Heavenly 'Figaro'; classy Judy; comic Cleo; dangerous 'Fool'
'Fool for Love' - the binds that tie In ''Fool for Love'' (at the Trinity Square Repertory Company), playwright Sam Shepard choreographs a brutal, sometimes funny dance between a couple linked by certain lust, possible blood, and a surely snarled history. They yank each other around, and the momentum throws them right back in each other's arms. Their dependence exhausts them - and the audience.
May (Deirdre O'Connell) is trying to cut the ties to the constantly unfaithful man, Eddie (Richard Jenkins), with whom she's been involved since high school. He has tracked her down in a seedy motel room and wants to bring her back. Over and over she drives him away with her blistering showers of bile, only to call him back. His reluctant but predictable returns become a sadly funny refrain.
Something mysterious is gluing these two victims together, and the secret that explodes in this sickly green motel room is compelling. It's not pretty to watch. Eddie reeks with menace, and May fights dirty.
Their conflicting stories suggest they may be half brother and half sister - continuing the patterns of infidelity and chasing their parents began. They're never far from their parents' legacy - the Old Man supposed to be their father (Paul Haggard) sits in a rocking chair at the edge of the set, swilling liquor and commenting on the action. They can hear him, but he's invisible to the yokel (Tom Bloom) who is drawn into their fray when he arrives to take May out for a date. An unseen girlfriend of Eddie's completes the picture by tracking him down at the fiery, freeing denouement.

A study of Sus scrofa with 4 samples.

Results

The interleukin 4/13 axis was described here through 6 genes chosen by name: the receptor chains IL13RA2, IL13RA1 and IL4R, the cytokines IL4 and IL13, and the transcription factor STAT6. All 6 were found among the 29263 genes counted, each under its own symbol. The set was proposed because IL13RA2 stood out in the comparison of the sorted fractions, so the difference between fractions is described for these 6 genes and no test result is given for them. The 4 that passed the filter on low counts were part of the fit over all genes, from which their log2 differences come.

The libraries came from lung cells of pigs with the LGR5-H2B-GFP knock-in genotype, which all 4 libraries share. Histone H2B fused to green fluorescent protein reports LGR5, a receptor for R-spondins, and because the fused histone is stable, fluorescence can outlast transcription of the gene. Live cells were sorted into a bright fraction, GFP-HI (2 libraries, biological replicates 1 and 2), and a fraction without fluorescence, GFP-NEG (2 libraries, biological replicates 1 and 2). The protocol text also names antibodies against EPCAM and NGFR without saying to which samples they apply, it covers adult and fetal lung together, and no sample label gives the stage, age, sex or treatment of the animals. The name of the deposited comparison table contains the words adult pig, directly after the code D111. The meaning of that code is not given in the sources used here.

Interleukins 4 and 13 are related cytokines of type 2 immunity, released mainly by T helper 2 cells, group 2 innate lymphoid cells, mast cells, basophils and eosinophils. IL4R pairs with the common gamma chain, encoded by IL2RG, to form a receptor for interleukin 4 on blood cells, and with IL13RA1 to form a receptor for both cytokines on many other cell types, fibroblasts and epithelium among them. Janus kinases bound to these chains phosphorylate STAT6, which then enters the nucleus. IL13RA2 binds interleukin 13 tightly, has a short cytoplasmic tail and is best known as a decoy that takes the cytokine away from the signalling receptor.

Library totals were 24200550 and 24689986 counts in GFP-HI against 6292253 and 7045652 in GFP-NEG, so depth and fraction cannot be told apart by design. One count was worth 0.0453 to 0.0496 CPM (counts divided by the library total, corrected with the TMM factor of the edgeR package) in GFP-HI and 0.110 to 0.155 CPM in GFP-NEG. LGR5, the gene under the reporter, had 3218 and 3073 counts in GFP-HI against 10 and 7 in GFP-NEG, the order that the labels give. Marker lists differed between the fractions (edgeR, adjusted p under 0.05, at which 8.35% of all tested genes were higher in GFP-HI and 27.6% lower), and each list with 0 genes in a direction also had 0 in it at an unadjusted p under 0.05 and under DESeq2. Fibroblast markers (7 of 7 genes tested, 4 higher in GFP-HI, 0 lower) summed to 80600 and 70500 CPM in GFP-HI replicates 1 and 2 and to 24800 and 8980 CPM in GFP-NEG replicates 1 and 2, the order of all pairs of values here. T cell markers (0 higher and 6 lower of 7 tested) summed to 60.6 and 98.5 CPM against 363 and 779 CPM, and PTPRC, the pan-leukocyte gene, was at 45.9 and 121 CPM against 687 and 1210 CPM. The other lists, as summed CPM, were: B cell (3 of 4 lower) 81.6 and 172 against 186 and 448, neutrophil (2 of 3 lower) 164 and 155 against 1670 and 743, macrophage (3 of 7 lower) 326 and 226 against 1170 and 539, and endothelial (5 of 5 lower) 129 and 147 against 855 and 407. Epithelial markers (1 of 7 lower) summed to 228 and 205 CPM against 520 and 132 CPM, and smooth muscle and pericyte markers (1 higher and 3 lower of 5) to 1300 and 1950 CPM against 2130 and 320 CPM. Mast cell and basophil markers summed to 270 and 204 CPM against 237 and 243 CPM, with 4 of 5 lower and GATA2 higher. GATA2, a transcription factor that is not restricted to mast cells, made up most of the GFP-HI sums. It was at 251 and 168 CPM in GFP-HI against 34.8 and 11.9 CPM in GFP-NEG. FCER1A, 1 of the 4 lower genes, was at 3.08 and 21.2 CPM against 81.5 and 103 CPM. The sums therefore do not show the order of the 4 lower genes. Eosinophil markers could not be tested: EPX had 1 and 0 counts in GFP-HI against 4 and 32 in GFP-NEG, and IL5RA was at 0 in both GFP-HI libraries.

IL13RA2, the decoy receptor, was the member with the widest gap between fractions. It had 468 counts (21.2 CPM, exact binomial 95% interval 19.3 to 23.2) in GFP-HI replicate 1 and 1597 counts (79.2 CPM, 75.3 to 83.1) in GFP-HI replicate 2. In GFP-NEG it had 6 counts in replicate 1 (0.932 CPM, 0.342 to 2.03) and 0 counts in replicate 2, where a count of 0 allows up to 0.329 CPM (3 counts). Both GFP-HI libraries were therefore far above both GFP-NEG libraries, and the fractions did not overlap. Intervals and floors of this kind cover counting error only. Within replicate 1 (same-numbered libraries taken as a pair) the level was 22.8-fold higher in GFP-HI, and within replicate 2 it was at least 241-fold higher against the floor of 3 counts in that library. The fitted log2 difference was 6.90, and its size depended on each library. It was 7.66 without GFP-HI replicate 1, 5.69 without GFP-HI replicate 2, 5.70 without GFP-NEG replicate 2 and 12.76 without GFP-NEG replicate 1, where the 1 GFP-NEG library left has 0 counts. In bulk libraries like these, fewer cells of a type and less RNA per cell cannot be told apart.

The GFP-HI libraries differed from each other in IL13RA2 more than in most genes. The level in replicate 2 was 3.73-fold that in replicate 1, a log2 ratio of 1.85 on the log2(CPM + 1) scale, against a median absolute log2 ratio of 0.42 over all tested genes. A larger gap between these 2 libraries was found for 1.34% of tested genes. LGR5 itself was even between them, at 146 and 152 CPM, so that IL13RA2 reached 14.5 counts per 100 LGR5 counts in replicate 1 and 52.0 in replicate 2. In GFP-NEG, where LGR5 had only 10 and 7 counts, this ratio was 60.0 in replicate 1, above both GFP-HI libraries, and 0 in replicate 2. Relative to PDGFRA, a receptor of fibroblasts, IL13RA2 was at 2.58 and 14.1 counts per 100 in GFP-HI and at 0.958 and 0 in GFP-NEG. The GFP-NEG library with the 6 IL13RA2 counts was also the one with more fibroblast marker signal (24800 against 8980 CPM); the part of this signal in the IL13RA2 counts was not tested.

Shepard writes often about fiercely individualistic Western men who are at a loss in an increasingly urban world. Here, Eddie doesn't gallop after his girl on his horse; he hauls the horse in a trailer 2,000 miles to see her. What corrals him, however, is less the urbanization than his feeling for May.
Jenkins and O'Connell do fine work as this doomed couple on a short tether. Director David Wheeler provides frequent touches of comic relief (at one point Eddie practices lassoing her bedframe), but the production operates at a steady shout.
It's a raw, disturbing play about obsession - not love. What, ultimately, have they learned? And what do they teach us? That the chains of all-consuming sexuality throttle openness and trust, and destroy hope for a progressive life? It's an obvious lesson - but one pays a high price to learn it.